The acronym REO stands for "real estate owned," and refers to properties that banks or government agencies take possession of through foreclosure. Buyers often like REO properties because the owners -- usually banks or government agencies -- often sell them at cheaper prices. But REO properties also come with their own challenges; some may be in bad condition, and depending upon which bank or agency owns the property, you'll have to work with a licensed real estate agent to make a bid.
You can generally buy foreclosed homes at three different points. You can purchase one early in the foreclosure process, before it reaches auction or before a bank or government agency takes possession of it. You can also buy a home at a public foreclosure auction. Finally, you can buy a home after a bank or government agency has taken it over. This last stage is where you'll find REO properties.
The main benefit of buying an REO property is the price; these homes are generally listed at below market-value because the banks and government agencies that own them want to sell them as quickly as possible. But don't expect to get these properties too cheaply. Residential properties in some stage of the foreclosure process or owned by banks sold for an average price of $171,704 in the fourth quarter of 2012, according to research from foreclosure Web site RealtyTrac. Realtor.com reported that across the nation all homes in the fourth quarter of last year sold for an average of $178,900.
REO properties often are sold in "as is" condition, meaning that the owners will make no repairs to them. And, foreclosed homes often reach the market in bad shape. That's because their owners often don't have the money to invest in general maintenance. Other owners, angry at losing their homes, intentionally damage their properties before their bank can take them over. This is why it's so important to pay for a home inspection before you purchase an REO property. An inspector can tell you what problems a home has and how much it will cost to fix them. Too many costly repairs might make that REO property less of a bargain.
Making an Offer
If you want to buy an REO property owned by a private bank, make an offer just as you'd do with any other type of home. You can usually find such properties listed on the websites of major U.S. banks or in regional multiple listing service databases; in the latter case, you'll need to contact a real estate agent to view properties and submit a contract. You can also find foreclosed homes offered through the U.S. Department of Housing and Urban Development and Fannie Mae's HomePath program. To purchase an REO property owned by the U.S. Department of Housing and Urban Development, you must work with a real estate agent; that agency only takes offers from licensed agents. The same is true of Fannie Mae's HomePath program. Your agent will make this offer through the HomePath Web site.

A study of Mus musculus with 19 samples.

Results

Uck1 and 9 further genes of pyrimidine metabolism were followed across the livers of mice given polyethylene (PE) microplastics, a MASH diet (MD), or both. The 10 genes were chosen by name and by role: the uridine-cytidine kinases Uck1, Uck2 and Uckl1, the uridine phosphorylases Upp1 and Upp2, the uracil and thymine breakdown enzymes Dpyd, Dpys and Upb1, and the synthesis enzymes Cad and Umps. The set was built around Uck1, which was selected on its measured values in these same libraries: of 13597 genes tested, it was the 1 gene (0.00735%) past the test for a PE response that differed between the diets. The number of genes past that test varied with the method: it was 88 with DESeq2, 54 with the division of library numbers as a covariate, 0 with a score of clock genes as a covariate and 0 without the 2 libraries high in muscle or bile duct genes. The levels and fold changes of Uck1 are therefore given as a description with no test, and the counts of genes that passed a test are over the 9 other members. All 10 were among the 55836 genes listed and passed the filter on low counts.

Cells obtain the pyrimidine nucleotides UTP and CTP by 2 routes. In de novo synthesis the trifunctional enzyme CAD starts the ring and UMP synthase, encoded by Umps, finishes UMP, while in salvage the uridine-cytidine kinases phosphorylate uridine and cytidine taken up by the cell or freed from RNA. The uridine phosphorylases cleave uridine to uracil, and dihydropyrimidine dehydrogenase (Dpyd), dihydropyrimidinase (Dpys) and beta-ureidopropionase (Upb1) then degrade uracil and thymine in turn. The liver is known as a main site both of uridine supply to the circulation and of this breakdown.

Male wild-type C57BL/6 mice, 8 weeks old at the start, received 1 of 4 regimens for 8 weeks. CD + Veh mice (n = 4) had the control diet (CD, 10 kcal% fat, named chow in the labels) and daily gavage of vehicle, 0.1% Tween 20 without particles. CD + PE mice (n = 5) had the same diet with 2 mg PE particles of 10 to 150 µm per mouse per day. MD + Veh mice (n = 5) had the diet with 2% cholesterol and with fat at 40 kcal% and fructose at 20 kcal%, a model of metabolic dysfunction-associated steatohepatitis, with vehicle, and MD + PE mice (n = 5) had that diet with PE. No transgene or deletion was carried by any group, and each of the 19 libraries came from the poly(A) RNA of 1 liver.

- RealtyTrac: Fourth Quarter 2012 Foreclosure Report
- U.S. Department of Housing and Urban Development: HUD Homes for Sale
- Fannie Mae: HomePath
- Realtor.com: Fourth Quarter Metro Area Home Prices
- RealtyTrac: Checklist for Buying a Bank-Owned REO
- Fannie Mae. "HomePath." Accessed May 29, 2020.
- Bank of America. "REO and Bank Owned Homes." Accessed May 29, 2020.
- Foreclosure.com. "Find Foreclosures in Your Area Today." Accessed May 29, 2020.
- RealtyTrac. "Start Your Foreclosure Search Here." Accessed May 29, 2020.
- U.S. Department of Housing and Urban Development. "Homes for Sale." Accessed May 29, 2020.
- Attom Data Solutions. "U.S. Foreclosure Activity Drops to 15-Year Low In 2019." Accessed May 29, 2020.
- U.S. Department of Housing and Urban Development. "203(k) Rehabilitation Mortgage Insurance." Accessed May 29, 2020.
- Fannie Mae. "HomePath Ready Buyer." Accessed May 29, 2020.
- Freddie Mac. "HomeSteps." Accessed May 29, 2020.
- U.S. Department of Housing and Urban Development. "203(K) Rehabilitation Mortgage Insurance: Limited 203(k) Mortgage." Accessed May 29, 2020.
- Fannie Mae. "Financing Opportunities for HomePath Homes." Accessed May 29, 2020.
- Freddie Mac. "HomeSteps: More Questions Answered." Accessed May 29, 2020.
- Freddie Mac. "Freddie Mac Announces Technology Enhancements to Give Lenders a Competitive Edge in Today’s Market." Accessed May 29, 2020.
Don Rafner has been writing professionally since 1992, with work published in "The Washington Post," "Chicago Tribune," "Phoenix Magazine" and several trade magazines. He is also the managing editor of "Midwest Real Estate News." He specializes in writing about mortgage lending, personal finance, business and real-estate topics. He holds a Bachelor of Arts in journalism from the University of Illinois.